Tuesday, 22 July 2014

If a tenant decides to end a lease early under a break clause, what happens to funds built up through the service charge for anticipated works that have not yet been carried out?

This is an interesting question for both landlords and tenants that was recently considered in Friends Life Management Services Ltd v A & A Express Building Ltd [2014].

In deciding the case the High Court set out the way in which the service charge should be calculated for the final accounting period in a commercial lease.

The Facts: Friends Life Management Services Ltd v A & A Express Building Ltd [2014]

The tenant, Friends Life Management Services, had a lease of a commercial building in Manchester, the former northern base of the Daily Express newspaper, which was granted by the landlord, A & A Express Building.

On 24 March 2010 the tenant exercised a break clause to determine the lease and then brought proceedings in relation to the service charge calculation for the last accounting period under the lease.

The service charge clauses in the lease had made provision for the carrying out of future works to the building in addition to covering actual expenditures in the service charge year. The total amount built up over previous years under the anticipated expenditure clause came to around £875,000, of which most was paid by the tenant, it being the main occupier of the premises.

Although the landlord did in fact start the building improvements contemplated under the anticipated expenditure clause later in 2010, it did not complete those works until 2011. The total cost eventually exceeded £1 million.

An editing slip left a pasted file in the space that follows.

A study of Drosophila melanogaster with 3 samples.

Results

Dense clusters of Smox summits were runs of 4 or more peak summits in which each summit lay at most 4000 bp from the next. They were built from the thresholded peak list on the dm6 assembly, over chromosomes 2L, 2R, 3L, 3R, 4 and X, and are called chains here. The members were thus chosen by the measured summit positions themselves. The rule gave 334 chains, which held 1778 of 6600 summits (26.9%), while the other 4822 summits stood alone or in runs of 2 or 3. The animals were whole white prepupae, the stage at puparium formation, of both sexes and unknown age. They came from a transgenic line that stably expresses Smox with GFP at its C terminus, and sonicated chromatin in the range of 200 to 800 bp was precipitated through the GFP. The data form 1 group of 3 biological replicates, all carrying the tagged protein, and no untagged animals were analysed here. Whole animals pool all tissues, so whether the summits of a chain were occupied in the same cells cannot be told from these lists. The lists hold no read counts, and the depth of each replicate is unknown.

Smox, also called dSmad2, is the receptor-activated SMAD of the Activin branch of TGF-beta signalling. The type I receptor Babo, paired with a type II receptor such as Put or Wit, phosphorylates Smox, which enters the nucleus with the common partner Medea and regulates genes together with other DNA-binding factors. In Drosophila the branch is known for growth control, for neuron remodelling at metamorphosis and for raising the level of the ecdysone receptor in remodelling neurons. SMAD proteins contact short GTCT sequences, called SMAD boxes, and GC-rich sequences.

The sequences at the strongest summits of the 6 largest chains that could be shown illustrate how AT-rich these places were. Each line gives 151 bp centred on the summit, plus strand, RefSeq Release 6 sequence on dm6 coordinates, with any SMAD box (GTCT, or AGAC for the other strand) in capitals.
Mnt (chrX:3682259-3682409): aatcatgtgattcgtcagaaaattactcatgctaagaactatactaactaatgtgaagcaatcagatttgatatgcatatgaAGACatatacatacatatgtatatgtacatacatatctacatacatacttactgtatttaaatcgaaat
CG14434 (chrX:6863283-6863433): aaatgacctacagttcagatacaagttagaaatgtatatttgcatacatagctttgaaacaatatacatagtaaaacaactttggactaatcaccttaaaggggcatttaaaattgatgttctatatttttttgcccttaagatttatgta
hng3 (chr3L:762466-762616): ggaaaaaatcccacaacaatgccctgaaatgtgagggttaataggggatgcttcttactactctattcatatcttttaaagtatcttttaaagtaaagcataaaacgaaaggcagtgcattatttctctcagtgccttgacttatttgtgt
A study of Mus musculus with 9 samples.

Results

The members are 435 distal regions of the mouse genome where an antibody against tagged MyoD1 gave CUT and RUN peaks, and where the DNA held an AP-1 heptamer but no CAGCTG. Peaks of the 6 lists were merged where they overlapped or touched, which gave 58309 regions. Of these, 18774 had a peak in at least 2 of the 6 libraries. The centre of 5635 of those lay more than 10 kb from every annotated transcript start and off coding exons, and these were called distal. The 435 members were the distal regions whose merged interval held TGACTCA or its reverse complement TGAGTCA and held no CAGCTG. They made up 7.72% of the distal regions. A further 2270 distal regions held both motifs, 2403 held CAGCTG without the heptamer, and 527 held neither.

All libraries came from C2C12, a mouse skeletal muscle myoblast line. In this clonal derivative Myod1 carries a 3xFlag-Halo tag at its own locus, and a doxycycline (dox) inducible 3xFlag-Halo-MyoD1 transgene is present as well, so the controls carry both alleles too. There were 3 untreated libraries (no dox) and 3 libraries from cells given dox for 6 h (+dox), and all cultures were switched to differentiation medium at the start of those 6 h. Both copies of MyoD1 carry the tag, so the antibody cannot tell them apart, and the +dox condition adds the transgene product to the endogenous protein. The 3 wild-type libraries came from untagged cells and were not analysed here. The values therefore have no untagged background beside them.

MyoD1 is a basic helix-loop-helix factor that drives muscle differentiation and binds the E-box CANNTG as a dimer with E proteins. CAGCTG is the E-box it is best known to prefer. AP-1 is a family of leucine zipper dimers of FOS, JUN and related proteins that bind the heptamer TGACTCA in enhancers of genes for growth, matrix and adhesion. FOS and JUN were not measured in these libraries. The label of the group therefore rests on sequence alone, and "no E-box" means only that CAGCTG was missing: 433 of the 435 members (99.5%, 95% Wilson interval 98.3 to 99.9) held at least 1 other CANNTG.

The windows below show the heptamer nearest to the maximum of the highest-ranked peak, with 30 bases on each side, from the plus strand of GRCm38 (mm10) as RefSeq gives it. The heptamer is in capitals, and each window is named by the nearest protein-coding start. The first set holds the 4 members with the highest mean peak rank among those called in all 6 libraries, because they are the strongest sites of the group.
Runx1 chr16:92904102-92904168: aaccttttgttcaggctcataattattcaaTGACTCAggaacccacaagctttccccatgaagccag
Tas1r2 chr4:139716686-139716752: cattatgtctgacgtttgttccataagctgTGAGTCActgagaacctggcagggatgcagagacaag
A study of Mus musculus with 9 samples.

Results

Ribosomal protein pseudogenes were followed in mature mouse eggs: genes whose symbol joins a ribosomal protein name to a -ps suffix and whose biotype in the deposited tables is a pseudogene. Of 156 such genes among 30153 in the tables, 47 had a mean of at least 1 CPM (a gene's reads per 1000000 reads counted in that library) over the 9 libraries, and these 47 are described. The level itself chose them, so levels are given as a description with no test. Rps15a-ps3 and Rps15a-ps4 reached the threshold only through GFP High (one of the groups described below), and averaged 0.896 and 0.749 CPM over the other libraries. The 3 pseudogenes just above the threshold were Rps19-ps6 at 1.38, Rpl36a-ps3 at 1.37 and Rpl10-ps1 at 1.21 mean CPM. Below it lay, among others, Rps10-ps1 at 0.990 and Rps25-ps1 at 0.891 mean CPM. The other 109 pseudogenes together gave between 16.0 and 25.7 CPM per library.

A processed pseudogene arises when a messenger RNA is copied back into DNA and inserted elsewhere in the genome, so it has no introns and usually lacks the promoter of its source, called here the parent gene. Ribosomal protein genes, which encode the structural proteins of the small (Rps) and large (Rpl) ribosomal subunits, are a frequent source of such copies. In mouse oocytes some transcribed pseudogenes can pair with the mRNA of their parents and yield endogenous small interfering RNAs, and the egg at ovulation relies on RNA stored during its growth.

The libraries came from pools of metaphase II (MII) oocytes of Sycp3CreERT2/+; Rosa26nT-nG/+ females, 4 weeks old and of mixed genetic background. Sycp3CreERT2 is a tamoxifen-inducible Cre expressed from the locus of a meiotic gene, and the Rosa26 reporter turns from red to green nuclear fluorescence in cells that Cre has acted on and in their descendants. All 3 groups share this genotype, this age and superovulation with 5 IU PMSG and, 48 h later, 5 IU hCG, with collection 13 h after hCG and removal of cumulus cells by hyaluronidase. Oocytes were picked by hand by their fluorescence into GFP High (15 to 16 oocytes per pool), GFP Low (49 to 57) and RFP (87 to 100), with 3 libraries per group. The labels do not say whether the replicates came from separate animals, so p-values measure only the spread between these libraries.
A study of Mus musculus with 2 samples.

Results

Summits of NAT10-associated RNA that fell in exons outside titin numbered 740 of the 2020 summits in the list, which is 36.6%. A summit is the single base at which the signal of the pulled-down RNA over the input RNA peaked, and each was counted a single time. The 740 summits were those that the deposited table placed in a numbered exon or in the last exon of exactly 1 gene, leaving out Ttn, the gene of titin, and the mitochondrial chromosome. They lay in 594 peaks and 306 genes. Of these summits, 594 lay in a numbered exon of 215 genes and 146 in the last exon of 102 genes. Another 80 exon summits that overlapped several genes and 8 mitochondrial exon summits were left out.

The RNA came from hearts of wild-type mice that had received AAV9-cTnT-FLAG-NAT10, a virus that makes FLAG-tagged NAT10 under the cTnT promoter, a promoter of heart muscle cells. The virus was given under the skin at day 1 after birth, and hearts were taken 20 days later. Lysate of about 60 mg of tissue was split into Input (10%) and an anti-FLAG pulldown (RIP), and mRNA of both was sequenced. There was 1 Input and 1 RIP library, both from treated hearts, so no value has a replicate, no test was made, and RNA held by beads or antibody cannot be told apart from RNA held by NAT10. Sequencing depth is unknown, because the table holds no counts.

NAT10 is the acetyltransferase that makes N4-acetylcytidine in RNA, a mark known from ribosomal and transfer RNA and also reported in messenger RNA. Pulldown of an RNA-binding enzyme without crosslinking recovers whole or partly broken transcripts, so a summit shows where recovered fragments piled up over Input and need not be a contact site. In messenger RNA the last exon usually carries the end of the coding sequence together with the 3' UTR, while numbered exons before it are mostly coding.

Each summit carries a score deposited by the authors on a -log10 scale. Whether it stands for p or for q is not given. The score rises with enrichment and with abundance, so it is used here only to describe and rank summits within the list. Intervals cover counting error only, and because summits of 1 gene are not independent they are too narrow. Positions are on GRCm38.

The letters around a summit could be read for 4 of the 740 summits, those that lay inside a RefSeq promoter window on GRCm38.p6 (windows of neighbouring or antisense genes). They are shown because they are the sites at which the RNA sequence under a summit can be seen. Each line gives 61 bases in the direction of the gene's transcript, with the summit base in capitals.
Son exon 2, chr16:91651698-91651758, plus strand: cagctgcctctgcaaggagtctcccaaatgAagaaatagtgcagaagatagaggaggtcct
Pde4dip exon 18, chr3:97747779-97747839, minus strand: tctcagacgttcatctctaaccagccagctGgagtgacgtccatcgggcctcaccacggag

The landlord considered that it was entitled to keep the entirety of the £875,000 funds that had been built up and that the expenditures anticipated in 2011 could be claimed within the 2010 period. The tenant claimed that the year ended when it exercised its break clause and that none of the costs had been incurred at that date, accordingly the full amount should be repayable.

The High Court’s Decision

The High Court held that the accounting year ended on 31 December 2010 not the break date.

It held that the actual costs incurred during 2010, including those relating to the major works for which the anticipated expenditure fund was created, could be claimed by the landlord with a credit given for the £875,000 fund. However, the costs incurred in 2011 could not be claimed in the accounts for the 2010 service charge year nor could a provision be made in 2010 for the expenditure in 2011.

As the £875,000 was in excess of the expenditures for 2010 the tenant was entitled to recover a proportion of that excess beyond that credited against the expenditures and calculated by reference to its period of occupation on a day to day basis.


Landlords should note the risk that funds built up for anticipated works may be reclaimable by tenants in their final service charge year if those monies have not been spent and there is not an express clause entitling them to retain those funds.

For specialist advice contact Peter Gourri today by email or telephone 0207 611 4848.